Parents probably benefit
from playgroups more than their children do. Parents of very young
children often feel isolated, so they welcome a chance to meet with
other adults, compare child rearing stories and advice, and observe
how other parents handle their children. Of course the children also
can benefit from a playgroup, and as they get older, they enjoy
seeing their friends regularly and playing at each otherís homes.
If youíre interested in starting a playgroup, talk to other parents
about the possibility. Ask your neighbors and friends or look in
grocery stores, houses of worship, and newsletters for notices from
other interested parents. Although playgroups are most convenient
when the participants live near each other, groups often form
between people in different neighborhoods.
Your playgroup will probably work best with three to five children
of mixed ages. If all the children are two and one-half, there will
be a great deal of arguing over possessions, but if some are two and
some are four, group meetings will be more harmonious. The youngest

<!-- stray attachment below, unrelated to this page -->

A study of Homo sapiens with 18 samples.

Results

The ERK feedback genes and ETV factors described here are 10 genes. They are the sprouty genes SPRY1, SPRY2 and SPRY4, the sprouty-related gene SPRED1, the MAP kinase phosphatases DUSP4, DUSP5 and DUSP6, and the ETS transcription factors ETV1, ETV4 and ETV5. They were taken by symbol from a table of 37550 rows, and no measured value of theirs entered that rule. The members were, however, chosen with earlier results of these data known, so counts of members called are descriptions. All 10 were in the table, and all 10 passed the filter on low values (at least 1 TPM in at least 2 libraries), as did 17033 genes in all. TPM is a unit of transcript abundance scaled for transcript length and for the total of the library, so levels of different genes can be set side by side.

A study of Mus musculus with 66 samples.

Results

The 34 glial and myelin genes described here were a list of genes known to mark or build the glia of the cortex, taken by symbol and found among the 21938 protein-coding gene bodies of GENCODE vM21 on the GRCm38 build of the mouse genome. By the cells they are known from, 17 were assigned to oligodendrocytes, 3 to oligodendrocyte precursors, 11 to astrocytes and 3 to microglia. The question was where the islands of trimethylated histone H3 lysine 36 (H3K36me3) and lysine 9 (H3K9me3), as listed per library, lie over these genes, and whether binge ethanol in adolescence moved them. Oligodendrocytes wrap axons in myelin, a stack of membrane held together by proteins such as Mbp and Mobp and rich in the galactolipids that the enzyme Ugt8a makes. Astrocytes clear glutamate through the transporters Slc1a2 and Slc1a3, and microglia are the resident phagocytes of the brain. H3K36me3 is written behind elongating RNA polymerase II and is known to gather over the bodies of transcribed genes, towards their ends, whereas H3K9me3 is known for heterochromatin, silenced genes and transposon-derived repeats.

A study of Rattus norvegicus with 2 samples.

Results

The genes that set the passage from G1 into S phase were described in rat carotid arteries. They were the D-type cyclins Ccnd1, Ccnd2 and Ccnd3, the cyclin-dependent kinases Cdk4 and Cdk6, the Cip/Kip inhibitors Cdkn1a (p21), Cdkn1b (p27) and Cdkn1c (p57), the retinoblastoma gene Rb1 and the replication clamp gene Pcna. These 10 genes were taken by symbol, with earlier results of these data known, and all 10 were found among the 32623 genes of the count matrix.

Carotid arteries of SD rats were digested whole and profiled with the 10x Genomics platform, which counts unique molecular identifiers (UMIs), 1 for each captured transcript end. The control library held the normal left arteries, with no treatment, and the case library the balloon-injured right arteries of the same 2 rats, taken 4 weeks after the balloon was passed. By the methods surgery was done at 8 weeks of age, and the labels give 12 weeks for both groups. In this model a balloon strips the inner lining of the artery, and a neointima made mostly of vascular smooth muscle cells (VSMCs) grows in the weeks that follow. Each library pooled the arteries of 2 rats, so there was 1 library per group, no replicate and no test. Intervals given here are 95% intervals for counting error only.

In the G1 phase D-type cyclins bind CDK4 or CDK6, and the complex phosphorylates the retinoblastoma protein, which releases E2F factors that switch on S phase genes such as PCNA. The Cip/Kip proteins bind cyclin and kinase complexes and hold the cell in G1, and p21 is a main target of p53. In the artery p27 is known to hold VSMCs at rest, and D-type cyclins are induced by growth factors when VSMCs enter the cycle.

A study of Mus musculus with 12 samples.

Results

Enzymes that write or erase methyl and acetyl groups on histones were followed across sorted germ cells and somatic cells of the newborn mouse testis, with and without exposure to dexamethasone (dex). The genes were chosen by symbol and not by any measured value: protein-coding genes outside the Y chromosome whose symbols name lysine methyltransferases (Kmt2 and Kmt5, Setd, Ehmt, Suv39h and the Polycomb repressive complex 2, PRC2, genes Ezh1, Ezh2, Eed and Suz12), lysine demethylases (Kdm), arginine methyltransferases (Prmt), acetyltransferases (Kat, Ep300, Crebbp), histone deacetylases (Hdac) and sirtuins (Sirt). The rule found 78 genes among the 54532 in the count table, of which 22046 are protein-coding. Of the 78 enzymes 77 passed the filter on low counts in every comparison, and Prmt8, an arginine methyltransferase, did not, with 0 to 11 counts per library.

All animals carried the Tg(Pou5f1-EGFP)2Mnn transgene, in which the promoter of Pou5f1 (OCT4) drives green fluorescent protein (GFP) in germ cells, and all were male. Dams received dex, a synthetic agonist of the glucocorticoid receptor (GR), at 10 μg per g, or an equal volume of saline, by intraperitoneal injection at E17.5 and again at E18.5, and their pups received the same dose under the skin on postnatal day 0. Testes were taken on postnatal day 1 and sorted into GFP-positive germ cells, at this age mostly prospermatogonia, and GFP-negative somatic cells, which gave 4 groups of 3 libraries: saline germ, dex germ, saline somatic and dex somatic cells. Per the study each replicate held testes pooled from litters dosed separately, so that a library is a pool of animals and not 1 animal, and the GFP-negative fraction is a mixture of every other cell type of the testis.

child will be happy playing alone next to the others, and the oldest
ones will be more likely than the two-year-olds to share toys.
Many playgroups are successful meeting in the morning, although some
meet between 3:30 and 5:30 in the afternoon, normally a slow time
for at-home parents with young children. Other playgroups meet on
the weekends so parents who work full-time can participate.
Your playgroup will probably get together once a week, meeting at
each memberís house in turn. In some groups, every parent comes
every time, while in others, parents rotate attendance so that in a
group with six children, two parents attend any one session while
four have the time free. The success of this rotating method depends
on the ages and personalities of the children, and how well the
families know each other. Some young children do not want to be
separated from their parents and may cry for a few minutes or for
the whole play session, particularly if the parents in charge are
Before your playgroup begins meeting, get together with the other
parents involved and develop rules and standards for practical
issues. What kind of snack will be served? What happens when
children fight? Who should bring toys? How will you handle the
problem of sharing toys?
Your playgroup will be most successful if the parents involved share
similar interests and attitudes, especially regarding parenting,
since conflicts can arise when one group member accepts behavior
that bothers another. As long as the adult members of a playgroup
are basically compatible, they should be able to talk about their
differences and try to work out solutions to the groupís problems.